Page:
At-Home Relief: The Best Home Remedies for Menstrual Cramps

At-Home Relief: The Best Home Remedies for Menstrual Cramps


It’s that time of month again, and all you want to do is scream into a pillow for 5 days. Discomfort during menstruation can range from mild to unbearable. This is due to the muscles in the uterus contracting and relaxing to shed the uterine lining. 

There are a variety of factors that can influence how painful a period is, such as age, heavy blood flow, usage of birth control, endometriosis, having a child for the first time, or overproduction and oversensitivity to a hormone called prostaglandins. The good news is that there’s also a variety of easy ways to combat the pain. Here are some useful hacks for managing period pain… 

 

1. Heat Therapy 

          

Any form of heat such as a heating pad, wam towel, or heat patch can do wonders to relax your muscles. A 2012 study showed that women found heat patches to be just as effective as ibuprofen in managing pain. You can purchase a low cost heating pad online, but if you're in a pinch try one of the following: 
  • A hot towel 
  • A warm bath 
  • A hot water bottle 
  • Fill a cloth bag with uncooked rice and heat it up for a couple of minutes in the microwave. Wrap it in a towel and apply as necessary. 


2. Massage

          

Essential oil massages are a great way to relieve pain in the abdomen and lower back. There is one study which suggests that essential oils are more effective in combating period pain than normal creams with synthetic fragrances. This is due to the natural properties each essential oil possesses. Lavender has a calming effect and is great for aromatherapy. Clary sage is used for stress relief and contains sclareol, a compound that mimics the effects of estrogen and thus alleviates menstrual pain. Marjoram, cinnamon, clove, and rose are also great options. Be sure to dilute with a carrier oil like coconut or olive first before use. 

 

3. Diet 

          

Diet plays a huge role in improving your symptoms. Here are some definite no-nos during your period:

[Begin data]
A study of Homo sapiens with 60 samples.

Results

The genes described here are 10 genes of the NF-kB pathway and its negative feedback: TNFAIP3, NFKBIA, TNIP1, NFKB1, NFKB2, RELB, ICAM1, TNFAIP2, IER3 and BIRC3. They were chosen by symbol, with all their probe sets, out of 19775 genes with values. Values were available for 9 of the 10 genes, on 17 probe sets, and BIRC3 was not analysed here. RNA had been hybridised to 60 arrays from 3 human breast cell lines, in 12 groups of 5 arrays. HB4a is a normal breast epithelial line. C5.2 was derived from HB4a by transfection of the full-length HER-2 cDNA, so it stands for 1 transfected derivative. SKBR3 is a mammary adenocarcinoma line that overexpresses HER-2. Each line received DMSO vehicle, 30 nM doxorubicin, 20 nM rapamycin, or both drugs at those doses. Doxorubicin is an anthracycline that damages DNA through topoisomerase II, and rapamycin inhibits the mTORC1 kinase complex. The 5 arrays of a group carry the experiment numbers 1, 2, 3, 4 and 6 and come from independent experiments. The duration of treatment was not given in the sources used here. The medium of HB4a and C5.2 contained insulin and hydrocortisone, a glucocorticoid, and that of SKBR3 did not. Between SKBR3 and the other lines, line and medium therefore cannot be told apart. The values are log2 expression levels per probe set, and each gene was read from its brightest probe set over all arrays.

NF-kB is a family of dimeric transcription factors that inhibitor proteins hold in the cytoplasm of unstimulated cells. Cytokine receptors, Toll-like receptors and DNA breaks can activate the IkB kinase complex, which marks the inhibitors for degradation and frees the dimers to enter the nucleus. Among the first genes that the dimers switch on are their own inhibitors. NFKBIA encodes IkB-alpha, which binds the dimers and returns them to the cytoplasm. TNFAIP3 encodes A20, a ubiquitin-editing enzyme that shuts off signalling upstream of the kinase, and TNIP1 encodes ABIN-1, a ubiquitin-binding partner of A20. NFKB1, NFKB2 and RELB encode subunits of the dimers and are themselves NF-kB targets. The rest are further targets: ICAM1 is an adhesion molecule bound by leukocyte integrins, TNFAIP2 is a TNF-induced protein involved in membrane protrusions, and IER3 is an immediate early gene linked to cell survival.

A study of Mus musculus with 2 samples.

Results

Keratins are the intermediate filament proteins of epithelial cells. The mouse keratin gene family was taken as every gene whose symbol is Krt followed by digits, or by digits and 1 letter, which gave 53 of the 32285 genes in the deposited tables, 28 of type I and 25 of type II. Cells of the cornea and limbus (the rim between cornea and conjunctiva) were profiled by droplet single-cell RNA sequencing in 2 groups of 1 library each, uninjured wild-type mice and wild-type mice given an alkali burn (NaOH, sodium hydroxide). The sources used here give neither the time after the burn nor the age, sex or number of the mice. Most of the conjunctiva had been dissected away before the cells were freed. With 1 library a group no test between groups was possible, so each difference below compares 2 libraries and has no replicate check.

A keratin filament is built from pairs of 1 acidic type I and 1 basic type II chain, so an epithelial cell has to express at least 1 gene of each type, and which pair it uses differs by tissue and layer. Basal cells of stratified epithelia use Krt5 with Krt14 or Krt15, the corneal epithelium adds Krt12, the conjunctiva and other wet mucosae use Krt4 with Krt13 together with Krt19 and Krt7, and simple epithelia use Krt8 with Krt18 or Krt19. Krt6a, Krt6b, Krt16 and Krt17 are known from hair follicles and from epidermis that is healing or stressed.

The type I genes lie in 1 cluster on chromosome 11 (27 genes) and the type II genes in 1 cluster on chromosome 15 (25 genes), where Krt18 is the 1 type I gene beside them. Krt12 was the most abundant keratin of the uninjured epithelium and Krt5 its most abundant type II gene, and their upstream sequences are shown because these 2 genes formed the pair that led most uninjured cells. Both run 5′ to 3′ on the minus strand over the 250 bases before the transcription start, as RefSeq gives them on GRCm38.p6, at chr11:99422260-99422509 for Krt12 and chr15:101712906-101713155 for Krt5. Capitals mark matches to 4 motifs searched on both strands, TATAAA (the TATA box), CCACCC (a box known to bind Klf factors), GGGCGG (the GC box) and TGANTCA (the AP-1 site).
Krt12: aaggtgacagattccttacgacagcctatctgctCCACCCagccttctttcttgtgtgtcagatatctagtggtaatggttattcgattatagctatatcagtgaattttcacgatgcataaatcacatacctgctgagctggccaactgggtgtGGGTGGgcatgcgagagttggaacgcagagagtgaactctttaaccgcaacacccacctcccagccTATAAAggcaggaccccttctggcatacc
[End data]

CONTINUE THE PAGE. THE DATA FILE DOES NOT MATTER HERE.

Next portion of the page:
• Salty foods
  • Deep-fried foods 
  • Carbonated beverages 
  • Alcohol 
  • Caffeine 
  • Sugary foods 

Instead, try some of these foods: 

  • Fruits like strawberries, watermelon, papaya, and raspberries 
  • Dark chocolate 
  • Green leafy vegetables 
  • Brown rice
  • Water. Lots and lots of water. 
  • Cucumber 
  • Fish and chicken
  • Mint or ginger tea for a gentle caffeine fix 

 

4. Exercise

          

Even though it seems nearly impossible to find the motivation to move around on your period, getting physical exercise can actually alleviate cramping. The endorphin rush that comes with a quick jog or even some light yoga can eliminate the need for pain relievers, according to research. Try poses like cobra, cat-camel, supine twist, supported prone, reclined bound angle, and inverted leg pose. 

 

5. Herbal Healing

          

We may be a herb-positive website, but there’s loads of scientific research behind the use of certain herbs for relieving menstrual pain. Some herbs to try include: 

  • Chamomile: It contains a compound called glycine which helps relieve muscle spasms, according to a 2012 study. Try a hot cup of chamomile tea twice a day before your period. 
  • Cinnamon: A 2015 study found that women who took cinnamon capsules reported less pain, diarrhea, nausea, and vomiting as compared to a placebo. Take 860mg of cinnamon capsules three times a day for the first three days of your period. 
  • Dill: Dill contains mefenamic acid, which is effective in easing menstrual cramps and is even used in OTC drugs. Try 1000mg of dill for 5 days, and be sure to start 2 days before your cycle.  
  • Ginger: A study of university students found that ginger was just as effective as ibuprofen in menstrual pain relief. Try 250mg of ginger powder 4 times a day for 3 days, or grate a piece into some tea or hot water for a relaxing beverage. 

Some other helpful research-backed herbs include turmeric (curcumin), French maritime pine bark (Pycnogenol) extract, black cohosh, cramp bark and chaste tree berry (vitex). 

If your symptoms seem to get worse as the years go by, you notice excessive bleeding, or you are unable to normally function, it’s time to see a doctor.  

While periods may be an inconvenient and uncomfortable time of the month, there are several effective ways to fight the symptoms and get out of your slump. Just know that it's perfectly okay to lie down, relax and take a breather. You’ve earned it. 

 

References: 

 

https://bmcwomenshealth.biomedcentral.com/articles/10.1186/1472-6874-12-25

https://www.painmanagementnursing.org/article/S1524-9042(10)00067-6/abstract

https://link.springer.com/article/10.2165/00007256-200838080-00004

https://www.ncbi.nlm.nih.gov/pmc/articles/PMC2995283/

https://www.ayujournal.org/article.asp?issn=0974-8520;year=2012;volume=33;issue=2;spage=311;epage=313;aulast=Omidvar

https://www.ncbi.nlm.nih.gov/pmc/articles/PMC4115348/

https://www.liebertpub.com/doi/10.1089/acm.2008.0311

Complementary Therapies in Medicine: "Curcumin Attenuates Severity of Premenstrual Syndrome Symptoms: A Randomized, Double-Blind, Placebo-Controlled Trial.